Members are devoted to applying nuclear science and engineering technologies involving isotopes, radiation applications, and associated equipment in scientific research, development, and industrial processes. Their interests lie primarily in education, industrial uses, biology, medicine, and health physics. Division committees include Analytical Applications of Isotopes and Radiation, Biology and Medicine, Radiation Applications, Radiation Sources and Detection, and Thermal Power Sources.
2024 ANS Annual Conference
June 9–12, 2024
Las Vegas, NV|The Mirage
In February 1957, construction was completed on the Sodium Reactor Experiment (SRE), a sodium-cooled, graphite-moderated reactor with an output of 20 MWt. The design of theSRE had begun three years earlier in 1954, and construction started in April 1955. On April 25, 1957, the reactor reached criticality, and the SRE operated until February 1964.
Robert A. Joseph, III, Riley M. Cumberland, Robert L. Howard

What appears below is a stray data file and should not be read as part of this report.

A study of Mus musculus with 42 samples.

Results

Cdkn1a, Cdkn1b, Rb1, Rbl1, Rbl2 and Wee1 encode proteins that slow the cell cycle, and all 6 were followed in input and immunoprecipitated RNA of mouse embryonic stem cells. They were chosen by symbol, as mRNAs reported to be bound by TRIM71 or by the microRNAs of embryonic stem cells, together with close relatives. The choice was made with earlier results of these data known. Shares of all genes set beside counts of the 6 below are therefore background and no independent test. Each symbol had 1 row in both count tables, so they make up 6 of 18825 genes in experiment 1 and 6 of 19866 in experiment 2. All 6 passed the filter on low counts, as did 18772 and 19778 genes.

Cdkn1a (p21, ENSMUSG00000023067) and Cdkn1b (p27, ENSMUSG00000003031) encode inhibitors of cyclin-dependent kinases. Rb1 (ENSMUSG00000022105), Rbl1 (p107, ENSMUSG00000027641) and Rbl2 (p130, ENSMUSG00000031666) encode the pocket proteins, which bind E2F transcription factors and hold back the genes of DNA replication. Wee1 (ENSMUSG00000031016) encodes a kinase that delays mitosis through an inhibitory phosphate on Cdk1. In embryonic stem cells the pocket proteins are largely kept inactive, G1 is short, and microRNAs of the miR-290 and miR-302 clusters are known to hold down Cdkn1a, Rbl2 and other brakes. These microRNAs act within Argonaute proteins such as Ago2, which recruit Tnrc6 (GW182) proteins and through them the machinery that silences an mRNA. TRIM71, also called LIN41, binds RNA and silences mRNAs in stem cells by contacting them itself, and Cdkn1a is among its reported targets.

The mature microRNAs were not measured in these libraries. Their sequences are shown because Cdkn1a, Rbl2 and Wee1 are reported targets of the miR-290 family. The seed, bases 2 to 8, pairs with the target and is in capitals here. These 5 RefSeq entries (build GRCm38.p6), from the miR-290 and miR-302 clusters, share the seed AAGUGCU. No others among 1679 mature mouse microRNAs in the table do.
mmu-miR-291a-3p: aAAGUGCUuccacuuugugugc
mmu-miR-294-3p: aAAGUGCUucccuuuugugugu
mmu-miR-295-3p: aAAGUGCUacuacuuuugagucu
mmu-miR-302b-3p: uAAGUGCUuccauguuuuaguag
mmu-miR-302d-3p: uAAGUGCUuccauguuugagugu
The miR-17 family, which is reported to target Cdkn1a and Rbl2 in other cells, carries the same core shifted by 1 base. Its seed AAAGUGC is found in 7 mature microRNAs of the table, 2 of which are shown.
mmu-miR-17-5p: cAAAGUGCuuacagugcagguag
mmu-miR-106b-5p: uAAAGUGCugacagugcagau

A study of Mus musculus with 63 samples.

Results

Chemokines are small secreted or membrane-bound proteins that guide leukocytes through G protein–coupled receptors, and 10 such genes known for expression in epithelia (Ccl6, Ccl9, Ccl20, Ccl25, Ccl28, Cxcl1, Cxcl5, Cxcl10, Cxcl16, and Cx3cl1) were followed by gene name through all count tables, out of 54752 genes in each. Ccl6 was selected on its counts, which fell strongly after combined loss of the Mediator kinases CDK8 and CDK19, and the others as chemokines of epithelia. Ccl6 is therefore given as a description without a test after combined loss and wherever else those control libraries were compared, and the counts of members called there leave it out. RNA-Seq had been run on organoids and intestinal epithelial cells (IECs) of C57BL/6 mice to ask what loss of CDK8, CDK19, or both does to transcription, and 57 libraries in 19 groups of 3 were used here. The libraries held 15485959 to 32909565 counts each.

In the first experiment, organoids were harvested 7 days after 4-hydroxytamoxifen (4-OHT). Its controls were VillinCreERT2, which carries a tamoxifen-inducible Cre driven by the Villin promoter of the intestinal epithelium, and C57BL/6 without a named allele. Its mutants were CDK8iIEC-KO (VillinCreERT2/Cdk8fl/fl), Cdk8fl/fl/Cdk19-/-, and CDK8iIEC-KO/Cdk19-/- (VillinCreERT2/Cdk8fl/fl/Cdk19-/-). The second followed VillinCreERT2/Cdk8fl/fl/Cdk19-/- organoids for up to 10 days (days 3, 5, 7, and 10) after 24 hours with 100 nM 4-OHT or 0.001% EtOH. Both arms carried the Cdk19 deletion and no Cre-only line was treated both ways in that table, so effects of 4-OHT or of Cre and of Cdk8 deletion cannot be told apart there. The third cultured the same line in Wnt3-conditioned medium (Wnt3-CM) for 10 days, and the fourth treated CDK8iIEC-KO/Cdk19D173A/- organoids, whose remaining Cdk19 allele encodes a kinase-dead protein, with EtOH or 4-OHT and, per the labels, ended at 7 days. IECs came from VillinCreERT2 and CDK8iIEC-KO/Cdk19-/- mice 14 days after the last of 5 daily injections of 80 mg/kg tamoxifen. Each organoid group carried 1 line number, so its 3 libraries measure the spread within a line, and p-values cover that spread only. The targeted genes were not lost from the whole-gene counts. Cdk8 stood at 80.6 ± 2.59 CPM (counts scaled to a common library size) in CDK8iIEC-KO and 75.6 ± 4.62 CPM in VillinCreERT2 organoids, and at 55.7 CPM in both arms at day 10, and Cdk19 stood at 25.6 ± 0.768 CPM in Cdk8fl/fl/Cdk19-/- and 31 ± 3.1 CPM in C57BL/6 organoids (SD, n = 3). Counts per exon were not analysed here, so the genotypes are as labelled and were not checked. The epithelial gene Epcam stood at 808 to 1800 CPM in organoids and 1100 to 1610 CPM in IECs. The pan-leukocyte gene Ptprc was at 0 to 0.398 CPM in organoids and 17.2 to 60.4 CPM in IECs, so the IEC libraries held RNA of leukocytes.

Nuclear Technology | Volume 208 | Number 1 | January 2022 | Pages 129-136
Technical Paper | doi.org/10.1080/00295450.2021.1874818
Articles are hosted by Taylor and Francis Online.
This analytical study focuses on loading standardized transportation, aging, and disposal canisters (STADs) at commercial reactor sites and subsequent transportation, e.g., to a consolidated interim storage facility (CISF). Specifically, the amount of spent nuclear fuel (SNF) available to load into STADs with varying deployment dates is explored, and the scenarios are compared with a scenario in which STADs are never loaded at reactor sites. Two key findings are that about half of the U.S. inventory of commercial SNF could be captured in STADs if they were fully deployed by 2035 and that the percentage of SNF available to load into STADs decreases as STAD deployment is delayed.
In additional scenarios, the effects of shipping STADs directly from at-reactor spent fuel pools (SFPs) to a CISF are analyzed for a STAD full deployment year of 2035. A key finding from the analysis is that the dry storage of SNF in STADs at reactor sites can be minimized by direct shipment to a CISF from reactor site SFPs. However, minimizing dry storage at reactor sites means maximizing the receipt rate for STADs at a CISF, and there is likely a more optimal point between the two scenarios for an overall cost-effective operation of waste management systems.